Wastewater is no laughing matter. Especially when there’s too much of it. During storms and times of heavy runoff, partially or untreated sewage can flow into ditches, streams, rivers and lakes. Which isn’t too pretty if you’re a fish or somebody who drinks water. The solution to this disgusting mess has been framed as an expensive one, “Communities will need hundreds of billions of dollars in coming years to construct and upgrade wastewater infrastructure,” according to the U.S. Government Accountability Office.
But the folks who make “Poo-Gloos,” also known as Bio-Domes, say their product can clean up sewage for less money than mechanical plants. And they have a study that backs it up.
The study was done by Wastewater Compliance Systems Inc., the Utah company that sells the devices, so you might want to take it with a grain of salt (or fecal matter).
The study results show that it’s possible to save communities with existing lagoon systems hundreds of thousands, if not millions of dollars, according Fred Jaeger, CEO of Wastewater Compliance Systems Inc (WCS). The company’s chief technology officer, Kraig Johnston, plans to present the study during the Water Environment Federation’s Impaired Water Symposium in Miami.
Here’s the deal: Smaller communities rely on wastewater lagoons for treatment. But as these communities grow and treatment standards rise, these lagoons need to upgraded. Typically, the upgrades are to mechanical plants, which can cost tens of millions of dollars, and put a community in hock for decades to come.
The Poo-Gloo was developed by Johnson and a research team when he worked at the University of Utah, and is designed specifically for communities who have outgrown their sewage lagoons.
“The device provides a large surface area on which bacteria can grow, providing the microbes with air and a dark environment so they consume wastewater pollutants continuously with minimal competition from algae,” according to WCS officials. The Gloos are installed at the bottom of lagoons, and each takes up about 28 square feet of space.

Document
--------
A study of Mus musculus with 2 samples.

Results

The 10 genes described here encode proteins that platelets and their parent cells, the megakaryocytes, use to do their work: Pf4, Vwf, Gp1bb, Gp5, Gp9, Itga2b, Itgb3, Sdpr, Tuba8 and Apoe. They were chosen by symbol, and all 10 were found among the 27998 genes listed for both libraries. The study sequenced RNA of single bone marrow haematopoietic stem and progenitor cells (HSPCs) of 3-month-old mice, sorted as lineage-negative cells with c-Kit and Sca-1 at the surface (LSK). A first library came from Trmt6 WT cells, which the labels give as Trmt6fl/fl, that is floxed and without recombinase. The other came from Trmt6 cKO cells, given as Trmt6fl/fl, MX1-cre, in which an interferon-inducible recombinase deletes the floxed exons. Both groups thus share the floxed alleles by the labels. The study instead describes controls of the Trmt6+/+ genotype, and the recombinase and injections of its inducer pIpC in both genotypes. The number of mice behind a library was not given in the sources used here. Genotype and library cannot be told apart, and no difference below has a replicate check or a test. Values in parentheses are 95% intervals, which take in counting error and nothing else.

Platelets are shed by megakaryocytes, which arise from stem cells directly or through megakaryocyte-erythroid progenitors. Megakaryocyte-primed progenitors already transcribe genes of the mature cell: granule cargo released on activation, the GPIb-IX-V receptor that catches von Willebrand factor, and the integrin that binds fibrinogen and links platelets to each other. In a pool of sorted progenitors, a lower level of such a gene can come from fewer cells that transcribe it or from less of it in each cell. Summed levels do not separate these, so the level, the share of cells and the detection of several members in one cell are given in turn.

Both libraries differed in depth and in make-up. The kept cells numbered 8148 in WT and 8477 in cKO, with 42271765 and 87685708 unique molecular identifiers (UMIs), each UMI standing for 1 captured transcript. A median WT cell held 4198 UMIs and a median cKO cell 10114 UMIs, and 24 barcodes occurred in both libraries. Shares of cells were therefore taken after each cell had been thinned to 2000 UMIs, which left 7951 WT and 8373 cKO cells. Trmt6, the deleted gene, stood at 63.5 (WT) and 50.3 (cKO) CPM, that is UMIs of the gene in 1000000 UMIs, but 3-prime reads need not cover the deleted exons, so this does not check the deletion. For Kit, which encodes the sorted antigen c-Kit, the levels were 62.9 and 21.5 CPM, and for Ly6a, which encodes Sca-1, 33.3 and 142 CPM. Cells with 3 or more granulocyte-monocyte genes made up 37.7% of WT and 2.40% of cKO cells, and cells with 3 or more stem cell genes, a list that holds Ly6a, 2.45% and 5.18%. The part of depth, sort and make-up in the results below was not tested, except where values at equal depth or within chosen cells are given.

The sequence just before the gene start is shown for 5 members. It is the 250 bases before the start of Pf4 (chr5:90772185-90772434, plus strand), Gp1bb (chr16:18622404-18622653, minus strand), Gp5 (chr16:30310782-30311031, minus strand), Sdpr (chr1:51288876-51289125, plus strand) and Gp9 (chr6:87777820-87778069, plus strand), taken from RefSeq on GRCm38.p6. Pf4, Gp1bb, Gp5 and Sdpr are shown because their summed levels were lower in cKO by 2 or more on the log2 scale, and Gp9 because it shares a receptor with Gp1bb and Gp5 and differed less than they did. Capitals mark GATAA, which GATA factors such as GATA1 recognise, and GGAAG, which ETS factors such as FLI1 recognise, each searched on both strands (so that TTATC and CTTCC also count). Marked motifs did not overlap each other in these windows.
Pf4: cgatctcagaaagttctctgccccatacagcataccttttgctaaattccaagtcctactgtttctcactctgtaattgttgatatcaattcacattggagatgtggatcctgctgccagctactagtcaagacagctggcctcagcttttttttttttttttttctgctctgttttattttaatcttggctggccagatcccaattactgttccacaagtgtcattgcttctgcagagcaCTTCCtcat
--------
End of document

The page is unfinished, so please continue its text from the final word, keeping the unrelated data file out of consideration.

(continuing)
The study details the results of a pilot project at the Central Valley Water Reclamation Facility in Salt Lake City.
“Wastewater Compliance Systems obtained an exclusive license from the University of Utah to commercialize Poo-Gloos, so the devices now have been deployed in six states in either full-scale installations or pilot demonstrations. Every installation showed Poo-Gloos provide treatment that meets pollution-control requirements,” the company says.
The bottom line, according to the study, is that Poo-Gloos can provide the same treatment as mechanical plants, at about 25 percent of the cost, and without all the chemicals and labor involved in operating a facility.
Even better, the Gloos require only a fraction of the electricity as a plant, which allows them to run “off-the-grid” on solar or wind power.
The pilot project in Salt Lake has already prompted some communities to install the Gloos, in the (well-named) Nevada town of Jackpot, and at Glacier National Park in Montana and Plain City and Wellsville in Utah.
To find out more, see the Wastewater Compliance Systems page.
— Photo Credit: Waste Compliance Systems Inc.